A few hours ago, John Key announced the Government’s emission reduction target for Copenhagen. In a nutshell it ain't good. And with all due respect to the Government, we are accepting it as no more than an opening gambit.
In terms of where New Zealand needs to be and where today's announcement puts us, it's a bit like the NZ Government has thrown a dart and not even struck the dartboard.
If we were to grade John Key over this, he'd get a D. "Doesn't grasp the science, didn't understand the economics, and used the wrong model for the job. Must try harder’
The target announced by National is highly conditional. It says it’ll aim for 10-20% emissions reductions IF (and note, there’s are a lot of ifs) the following conditions are met:
• the global agreement sets the world on a pathway to limit temperature rise to not more than 2°C;
• developed countries make comparable efforts to those of New Zealand;
• advanced and major emitting developing countries take action fully commensurate with their respective capabilities;
• there is an effective set of rules for land use, land-use change and forestry (LULUCF); and
• there is full recourse to a broad and efficient international carbon market.
These conditions are highly stringent; essentially they're saying they'll commit to nothing until others commit, making us virtually the only developed country in the negotiations without an unconditional target to speak of. And by not even getting to the lower rung of what scientists say is necessary to keep warming to below 2 degrees, the Government is putting the onus on to other countries (both developed and developing) do more to make up for our shortfall. Are they kidding? This issue is hard enough for each country without having to pick up the slack for others. The Government cannot expect its emission reduction target range to go down well internationally.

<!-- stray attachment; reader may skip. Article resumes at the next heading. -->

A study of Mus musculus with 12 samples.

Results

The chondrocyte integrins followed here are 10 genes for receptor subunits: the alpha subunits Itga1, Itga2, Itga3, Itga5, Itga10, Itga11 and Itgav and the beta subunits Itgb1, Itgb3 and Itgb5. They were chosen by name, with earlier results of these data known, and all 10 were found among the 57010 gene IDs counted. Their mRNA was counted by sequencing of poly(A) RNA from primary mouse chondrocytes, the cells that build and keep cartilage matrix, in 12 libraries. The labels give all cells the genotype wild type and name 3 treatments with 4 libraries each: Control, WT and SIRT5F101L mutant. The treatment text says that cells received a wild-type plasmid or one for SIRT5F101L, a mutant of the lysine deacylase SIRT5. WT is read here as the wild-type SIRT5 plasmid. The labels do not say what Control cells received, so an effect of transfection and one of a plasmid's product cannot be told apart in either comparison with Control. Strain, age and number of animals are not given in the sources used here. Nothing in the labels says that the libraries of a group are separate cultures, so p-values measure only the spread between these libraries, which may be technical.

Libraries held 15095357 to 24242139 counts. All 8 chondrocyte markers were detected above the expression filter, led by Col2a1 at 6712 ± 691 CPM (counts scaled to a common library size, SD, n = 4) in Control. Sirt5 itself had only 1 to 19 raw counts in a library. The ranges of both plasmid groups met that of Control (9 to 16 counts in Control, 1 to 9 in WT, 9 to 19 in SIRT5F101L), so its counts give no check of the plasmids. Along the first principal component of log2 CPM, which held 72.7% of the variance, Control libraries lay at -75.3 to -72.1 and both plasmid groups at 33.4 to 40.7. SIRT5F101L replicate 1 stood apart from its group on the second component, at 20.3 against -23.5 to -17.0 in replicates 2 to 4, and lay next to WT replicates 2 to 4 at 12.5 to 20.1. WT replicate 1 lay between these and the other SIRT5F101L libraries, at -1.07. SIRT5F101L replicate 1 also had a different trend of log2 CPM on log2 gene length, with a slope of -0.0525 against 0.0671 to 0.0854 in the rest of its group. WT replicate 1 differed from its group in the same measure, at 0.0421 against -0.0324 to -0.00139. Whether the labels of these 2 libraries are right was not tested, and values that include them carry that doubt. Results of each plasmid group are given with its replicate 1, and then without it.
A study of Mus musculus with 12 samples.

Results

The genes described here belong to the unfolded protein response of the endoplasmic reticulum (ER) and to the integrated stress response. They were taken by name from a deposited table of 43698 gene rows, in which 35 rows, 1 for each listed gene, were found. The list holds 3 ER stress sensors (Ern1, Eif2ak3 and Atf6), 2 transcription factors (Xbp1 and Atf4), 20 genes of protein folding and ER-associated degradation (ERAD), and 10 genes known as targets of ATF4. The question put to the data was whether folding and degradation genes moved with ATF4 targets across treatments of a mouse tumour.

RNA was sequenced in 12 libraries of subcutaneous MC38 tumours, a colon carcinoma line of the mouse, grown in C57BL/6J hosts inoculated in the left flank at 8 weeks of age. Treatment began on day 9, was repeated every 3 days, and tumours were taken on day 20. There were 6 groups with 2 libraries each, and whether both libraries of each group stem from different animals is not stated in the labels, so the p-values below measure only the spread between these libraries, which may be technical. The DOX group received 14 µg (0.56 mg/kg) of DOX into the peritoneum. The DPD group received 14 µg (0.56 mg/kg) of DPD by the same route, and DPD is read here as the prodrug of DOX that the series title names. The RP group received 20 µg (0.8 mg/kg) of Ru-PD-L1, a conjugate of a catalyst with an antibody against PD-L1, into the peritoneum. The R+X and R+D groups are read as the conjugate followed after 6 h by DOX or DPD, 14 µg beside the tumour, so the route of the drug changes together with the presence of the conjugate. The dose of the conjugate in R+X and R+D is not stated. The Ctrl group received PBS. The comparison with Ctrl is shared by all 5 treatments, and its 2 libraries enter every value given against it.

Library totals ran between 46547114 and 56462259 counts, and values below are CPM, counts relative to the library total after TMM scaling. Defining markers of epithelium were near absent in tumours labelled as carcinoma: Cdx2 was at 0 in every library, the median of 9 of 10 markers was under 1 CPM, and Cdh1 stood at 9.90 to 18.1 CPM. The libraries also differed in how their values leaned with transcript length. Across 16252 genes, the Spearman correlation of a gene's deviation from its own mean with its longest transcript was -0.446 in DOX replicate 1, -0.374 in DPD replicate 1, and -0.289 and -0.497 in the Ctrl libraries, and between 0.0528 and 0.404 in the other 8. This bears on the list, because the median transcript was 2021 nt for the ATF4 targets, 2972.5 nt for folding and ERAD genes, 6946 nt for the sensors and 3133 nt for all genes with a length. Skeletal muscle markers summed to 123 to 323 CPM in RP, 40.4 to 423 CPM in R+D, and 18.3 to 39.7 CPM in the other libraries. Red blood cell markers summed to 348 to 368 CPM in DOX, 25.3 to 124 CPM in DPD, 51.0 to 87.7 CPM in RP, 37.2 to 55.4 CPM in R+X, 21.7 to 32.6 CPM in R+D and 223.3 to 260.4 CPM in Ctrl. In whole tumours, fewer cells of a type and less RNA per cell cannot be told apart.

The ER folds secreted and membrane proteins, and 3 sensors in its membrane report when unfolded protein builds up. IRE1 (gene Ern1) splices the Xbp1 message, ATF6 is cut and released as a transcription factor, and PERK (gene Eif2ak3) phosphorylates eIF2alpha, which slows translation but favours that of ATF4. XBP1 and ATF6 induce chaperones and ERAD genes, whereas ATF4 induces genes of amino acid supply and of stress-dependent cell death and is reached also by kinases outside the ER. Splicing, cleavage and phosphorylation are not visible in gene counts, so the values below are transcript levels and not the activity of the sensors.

The fact is NZ needs to do a lot more than 10-20% to achieve stablisation below 2°C warming. So to include the 2 degree goal in its target announcement and say that it's committed to it is disingenious.
Climate Minister Nick Smith said “the target balanced economic opportunities with environmental responsibilities.” But it's hard to take him seriously on economics when they've completley cooked the books. Right througout the debate, they've used shonky figures and irrelevent data. The Infometrics/ NZIER modelling used to decide on a target has been widely described as being the wrong tool for the job, a view borne out by a highly critical report released today by Dr Hugh Saddler.
So Game On. For Sign On this marks an important step in the journey, but it's far from the end. We have four months for John Key to realise that 40% is necessary, right and fair. More than 90,000 Kiwis have joined the Sign On campaign and helped to get this first target on the table; now frankly the only way is up.